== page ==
Potatoes are clearly hot, so here is another story.
Really, I loved the comments on my last post, “The Potato Moment,” so I will share another story–this one with a sweet potato at its heart.
This is about “The Hundredth Monkey Phenomenon,” a New Age myth about critical mass. The idea is that when one more than a certain number of us embraces an idea or a perspective, it can alter collective consciousness.
This pertains to research by Japanese scientists in the 50s and 60s on the monkeys (Muscaca futata) on the island of Koshima, but the phenomenon did not really launch until more than 20 years later. The source was two pages in a book written by scientist Lyall Watson. Titled Lifetide: A Biology of the Unconscious, it was published in 1979.
Watson was a South African who had degrees in multiple areas of science, including botany, zoology, biology, anthropology, geology, ecology, and ethology, among others. He had written 24 books by the time he died in 2008. His focus, as Wikipedia puts it, was on trying “to make sense of natural and supernatural phenomena in biological terms.”
This was a welcome effort in the New Age era, which began in the 70s and endured until about the beginning of the 21st century.
A TRAIL OF DECISIONS
The story of the hundredth monkey phenomenon was seeded over years through a series of decisions. In the absence of any one of them, there would have been no story.
First came the decision of the Japanese scientists to study the monkeys of Koshima, which we know as macaques. Then, years into their research, they decided to begin “provisioning” the monkeys with food, including sweet potatoes. They laid some of the potatoes on the beach, which made them sandy. Then a young female monkey named Imo decided to wash the potatoes in the ocean, a breakthrough moment.
Next Imo taught her female peers to wash the potatoes, and their elder females decided this was a good idea too. Soon, males were washing potatoes as well. The story could have ended right there. Instead, and almost 30 years later, Lyall Watson decided to refer to the Japanese research in his book.
“I am forced to improvise the details,” he said, and proceeded to do so. He had to be creative because the actual number of monkeys involved in this study was unknown and so was the number of the monkeys who took up potato-washing. “Let us say, for argument’s sake,” Watson wrote, “that the number was ninety-nine and that at eleven o’clock on a Tuesday morning, one further convert was added to the fold in the usual way. But the addition of the hundredth monkey apparently carried the number across some sort of threshold, pushing it through a kind of critical mass, because by that evening almost everyone was doing it.”
Not only that, he went on, but the practice also jumped to other islands and even to the mainland. Now this was probably the ignition point of the story’s eventual appeal. After all, Watson’s anecdote took off in the New Age era. It was a period of time in which many eclectic ideas about how the world works flourished, and some emerged from scientific observation. This one seemed to throw light on how group consciousness can develop, and it became extremely popular, traveling worldwide.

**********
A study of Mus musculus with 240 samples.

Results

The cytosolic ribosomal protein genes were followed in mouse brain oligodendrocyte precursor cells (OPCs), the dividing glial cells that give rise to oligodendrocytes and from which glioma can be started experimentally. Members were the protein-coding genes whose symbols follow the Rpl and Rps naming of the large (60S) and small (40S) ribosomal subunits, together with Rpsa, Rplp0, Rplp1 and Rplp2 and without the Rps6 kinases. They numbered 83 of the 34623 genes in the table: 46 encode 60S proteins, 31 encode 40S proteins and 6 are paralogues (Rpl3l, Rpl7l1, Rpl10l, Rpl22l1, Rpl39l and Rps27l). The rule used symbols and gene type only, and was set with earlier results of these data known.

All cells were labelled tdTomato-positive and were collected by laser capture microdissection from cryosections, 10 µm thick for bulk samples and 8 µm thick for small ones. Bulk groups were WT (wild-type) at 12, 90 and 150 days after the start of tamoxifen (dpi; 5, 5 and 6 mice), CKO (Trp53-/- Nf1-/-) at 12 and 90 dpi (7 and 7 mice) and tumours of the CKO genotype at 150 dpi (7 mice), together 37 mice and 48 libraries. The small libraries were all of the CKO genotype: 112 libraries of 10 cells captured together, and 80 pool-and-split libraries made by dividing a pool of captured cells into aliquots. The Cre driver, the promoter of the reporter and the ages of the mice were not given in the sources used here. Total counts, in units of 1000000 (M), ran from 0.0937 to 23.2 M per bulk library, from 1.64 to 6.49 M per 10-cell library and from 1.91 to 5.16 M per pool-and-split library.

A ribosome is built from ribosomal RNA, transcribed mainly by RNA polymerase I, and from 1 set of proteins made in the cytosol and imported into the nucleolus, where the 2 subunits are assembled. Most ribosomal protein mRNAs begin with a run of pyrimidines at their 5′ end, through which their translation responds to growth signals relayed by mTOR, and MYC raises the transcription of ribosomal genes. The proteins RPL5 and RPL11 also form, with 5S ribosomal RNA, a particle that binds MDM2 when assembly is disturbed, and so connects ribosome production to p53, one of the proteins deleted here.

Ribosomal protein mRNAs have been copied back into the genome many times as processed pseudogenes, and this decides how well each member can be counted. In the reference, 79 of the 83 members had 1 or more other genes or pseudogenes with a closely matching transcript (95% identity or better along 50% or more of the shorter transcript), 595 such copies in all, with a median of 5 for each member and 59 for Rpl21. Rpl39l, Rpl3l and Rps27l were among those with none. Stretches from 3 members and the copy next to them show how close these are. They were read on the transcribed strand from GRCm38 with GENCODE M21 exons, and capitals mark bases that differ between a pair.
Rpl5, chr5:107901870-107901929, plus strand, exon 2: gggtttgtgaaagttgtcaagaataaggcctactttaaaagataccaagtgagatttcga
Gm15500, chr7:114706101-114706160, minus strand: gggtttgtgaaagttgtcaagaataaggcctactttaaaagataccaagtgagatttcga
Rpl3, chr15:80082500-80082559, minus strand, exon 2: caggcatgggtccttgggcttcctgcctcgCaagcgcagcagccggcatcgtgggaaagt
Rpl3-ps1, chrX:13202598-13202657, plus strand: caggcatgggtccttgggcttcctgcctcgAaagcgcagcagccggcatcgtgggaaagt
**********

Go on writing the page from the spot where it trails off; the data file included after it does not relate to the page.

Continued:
THE STORY ENDURES
Even a non-scientist like me can find many deficits in the detail of this story. As a result, in 1985 the Washington Post decided to publish “Spud-Dunking Theory Debunked” by Boyce Rensberger. In spite of the flaws in the phenomenon, he wrote that “Elements of the nuclear disarmament movement have promoted the idea with the assertion that if enough human minds can be won to their cause, the whole world will suddenly be seized by an urge to disarm.”
He also verified that a Japanese primatologist had found that potato-washing appeared on other islands. In one case, though, a potato-washing monkey swam there in 1960 and stayed for four years. On other islands, potato-washing started suddenly, as with Imo, but did not spread. As I read this, I wondered, “Where were they getting the potatoes? Were the scientists still feeding them?” Unanswered questions remain.
Nevertheless the story endures for an important reason. It gives hope that mass consciousness can turn on a dime. All of us I’m sure are either experiencing or seeing frustration, anger, and fear about the way things are in the moment. Everybody would like to effect change according to their own terms, but the challenges are so huge we feel helpless. One would have to be famous or wealthy or powerful or all three to make any difference–or so we may believe.
But then comes the idea of the hundredth monkey. One could be the last individual needed to align in consciousness or action with an idea that could make all the difference. The hundredth monkey phenomenon gives us hope. It makes any small thing we do in service to an ideal count. We could be the game-changer–and never even know it.
And when I think about the hundredth monkey phenomenon, a quote by Black Elk, holy man of the Oglala Sioux, comes to mind: “Whether it happened so or not I do not know; but if you think about it, you can see that it is true.”
I think the hundredth monkey effect is basically a constructive idea, and I accepted it as such the first time I heard about it decades ago. I run with it to this day. After all, the leader of the potato clean-up practice was Imo, a female. A lot of clean-up is certainly needed.